As the term aptly describes, valve-sparing aortic root replacement (VSRR) was initially designed to address patients with primary aortic root pathology and very little to no aortic valve (AV) dysfunction. If present, any degree of aortic insufficiency (AI) was secondary to dilatation of the aortic annulus and/or the sinotubular junction (STJ), in association with the aneurysm of the sinuses of Valsalva. Restoring the anatomy of the aortic root components would thus restore AV function. However, it is important to remember that the functional aortic root is composed of four inter-related parts: the virtual basal ring, the STJ, the sinuses of Valsalva, as well as the AV cusps. In patients with aneurysms of the sinuses of Valsalva, there are inevitably compensatory or pathological changes in the structure of the AV cusps in response to the changes in aortic root dimensions, ranging from elongation to stress fenestrations, especially in areas of high stress near the commissures. Thus, it became evident that restoring the dimension of the annulus and STJ without any attention to the last component parts of the aortic root could result in early failure of a VSRR, including in patients with seemingly normal AV function preoperatively (1).
This commenced the era of AV repair. It was soon recognized that residual or induced prolapse of the AV cusps after completion of the VSRR was associated with recurrence of AI and need for reintervention (1). Indeed, as the aortic root dilates and becomes aneurysmal, AV cusps adapt to different extents, which explains the wide variations in severity of AI in patients with similarly sized aortic root aneurysms. Aortic cusps elongate in both their radial and circumferential axes through active, living processes (2). Failure to recognize this at the time of VSSR, and instead restoring to normal AV cusp configuration (effective height, coaptation length and symmetry), as described by the pioneering work of the Brussels and Homburg teams, will lead to failure of the seemingly most straight-forward VSRR procedures for aortic root aneurysms in patients with tricuspid aortic valve (TAV) (3-5).
As the applications of VSRR have expanded, a wider group of patients should be considered for these procedures, namely patients with bicuspid aortic valves (BAV) or those with TAVs and eccentric jets of AR. In both instances, there is invariably some element of abnormal cusp structure, typically in the form of cusp prolapse. This is true in the majority of patients with regurgitant BAVs. As has been known in the mitral world for many years, failure to correct cusp prolapse at the time of surgery will negatively impact the durability of the operation. Concepts of BAV preservation and repair are increasingly well understood and standardized (6,7). There is no doubt that most VSRR operations today for patients with BAV and significant AI should involve some element of cusp repair, ranging from raphe release to increase geometric height and leaflet mobility, as well as central plications to fix prolapse and restore effective height. Familiarity with all aspects of AV assessment, both on transesophageal echocardiogram (TEE) as well as intra-operatively, as well as different repair techniques is a pre-requisite. Additionally, it is important to understand the dynamic physiology of the aortic root and the inter-relationships of the different component parts. It is noteworthy to understand that the region of highest stress in the aortic root is in the peri-commissural area (8). This explains the locations of stress fenestrations close to the commissures, but also means that it is wise to avoid placing any repair sutures in that part of the cusp because of the potential for failure. Any sutures along the free edge are more safely placed in the mid-portion of the cusps, which is a non-load bearing (and thus low stress) part of the cusp once normal geometry has been achieved.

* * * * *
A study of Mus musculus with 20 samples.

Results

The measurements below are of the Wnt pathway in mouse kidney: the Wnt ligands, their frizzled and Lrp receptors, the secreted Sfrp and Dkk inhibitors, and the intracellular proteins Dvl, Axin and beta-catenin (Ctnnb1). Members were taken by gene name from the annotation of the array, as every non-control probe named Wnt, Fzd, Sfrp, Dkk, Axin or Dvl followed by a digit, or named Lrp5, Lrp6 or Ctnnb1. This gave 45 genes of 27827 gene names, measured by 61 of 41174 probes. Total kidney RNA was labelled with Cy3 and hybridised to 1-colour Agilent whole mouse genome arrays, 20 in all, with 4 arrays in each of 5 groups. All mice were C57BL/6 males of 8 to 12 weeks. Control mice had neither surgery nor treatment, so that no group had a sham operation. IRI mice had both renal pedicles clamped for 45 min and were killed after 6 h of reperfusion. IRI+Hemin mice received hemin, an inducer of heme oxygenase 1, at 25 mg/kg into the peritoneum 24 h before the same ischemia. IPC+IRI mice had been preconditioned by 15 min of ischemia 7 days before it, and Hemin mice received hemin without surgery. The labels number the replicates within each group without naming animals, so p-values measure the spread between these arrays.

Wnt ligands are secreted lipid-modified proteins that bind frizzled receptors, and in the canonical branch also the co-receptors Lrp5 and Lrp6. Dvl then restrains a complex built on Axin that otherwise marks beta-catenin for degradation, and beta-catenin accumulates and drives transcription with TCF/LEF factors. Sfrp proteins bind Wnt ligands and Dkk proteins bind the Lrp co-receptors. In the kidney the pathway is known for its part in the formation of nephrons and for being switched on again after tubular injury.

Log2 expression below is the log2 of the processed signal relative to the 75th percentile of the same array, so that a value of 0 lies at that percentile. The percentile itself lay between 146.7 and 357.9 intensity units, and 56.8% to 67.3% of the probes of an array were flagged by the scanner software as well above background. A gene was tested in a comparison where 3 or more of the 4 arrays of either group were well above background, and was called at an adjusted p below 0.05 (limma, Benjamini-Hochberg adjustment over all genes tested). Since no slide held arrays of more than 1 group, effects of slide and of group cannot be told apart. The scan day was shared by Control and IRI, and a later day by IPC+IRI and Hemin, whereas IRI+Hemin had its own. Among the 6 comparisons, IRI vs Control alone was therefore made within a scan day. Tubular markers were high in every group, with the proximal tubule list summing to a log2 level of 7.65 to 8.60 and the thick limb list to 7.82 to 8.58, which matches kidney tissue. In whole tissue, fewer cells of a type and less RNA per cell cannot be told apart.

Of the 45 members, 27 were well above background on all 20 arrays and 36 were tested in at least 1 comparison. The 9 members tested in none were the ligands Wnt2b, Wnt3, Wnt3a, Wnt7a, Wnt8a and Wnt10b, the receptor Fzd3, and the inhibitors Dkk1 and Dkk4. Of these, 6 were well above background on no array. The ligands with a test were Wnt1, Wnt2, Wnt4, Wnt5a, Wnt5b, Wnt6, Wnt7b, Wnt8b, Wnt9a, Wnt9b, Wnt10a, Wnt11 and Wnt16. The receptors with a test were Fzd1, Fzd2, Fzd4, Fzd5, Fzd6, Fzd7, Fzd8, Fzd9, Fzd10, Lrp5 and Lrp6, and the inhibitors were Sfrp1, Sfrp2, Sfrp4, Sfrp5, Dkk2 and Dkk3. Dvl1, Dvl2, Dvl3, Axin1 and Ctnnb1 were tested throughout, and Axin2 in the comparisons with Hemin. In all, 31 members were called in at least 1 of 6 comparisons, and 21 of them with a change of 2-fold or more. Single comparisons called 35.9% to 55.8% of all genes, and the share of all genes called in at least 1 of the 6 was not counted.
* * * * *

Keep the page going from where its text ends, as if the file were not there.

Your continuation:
In summary, there is no arguing that to be a reconstructive aortic root surgeon, one has to master principles of AV repair. It is important to understand that the AV is an integral component part of the aortic root apparatus. As such, development of a root aneurysm can modify its structure and function. By the same token, when performing VSRR operations, modifying the structure of the other component parts (basal ring, sinuses and STJ) can directly impact early or late function of the valve. A more apt term for VSRR should be aortic root reconstruction, which entails aortic valve repair.
Conflicts of Interest: The authors have no conflicts of interest to declare.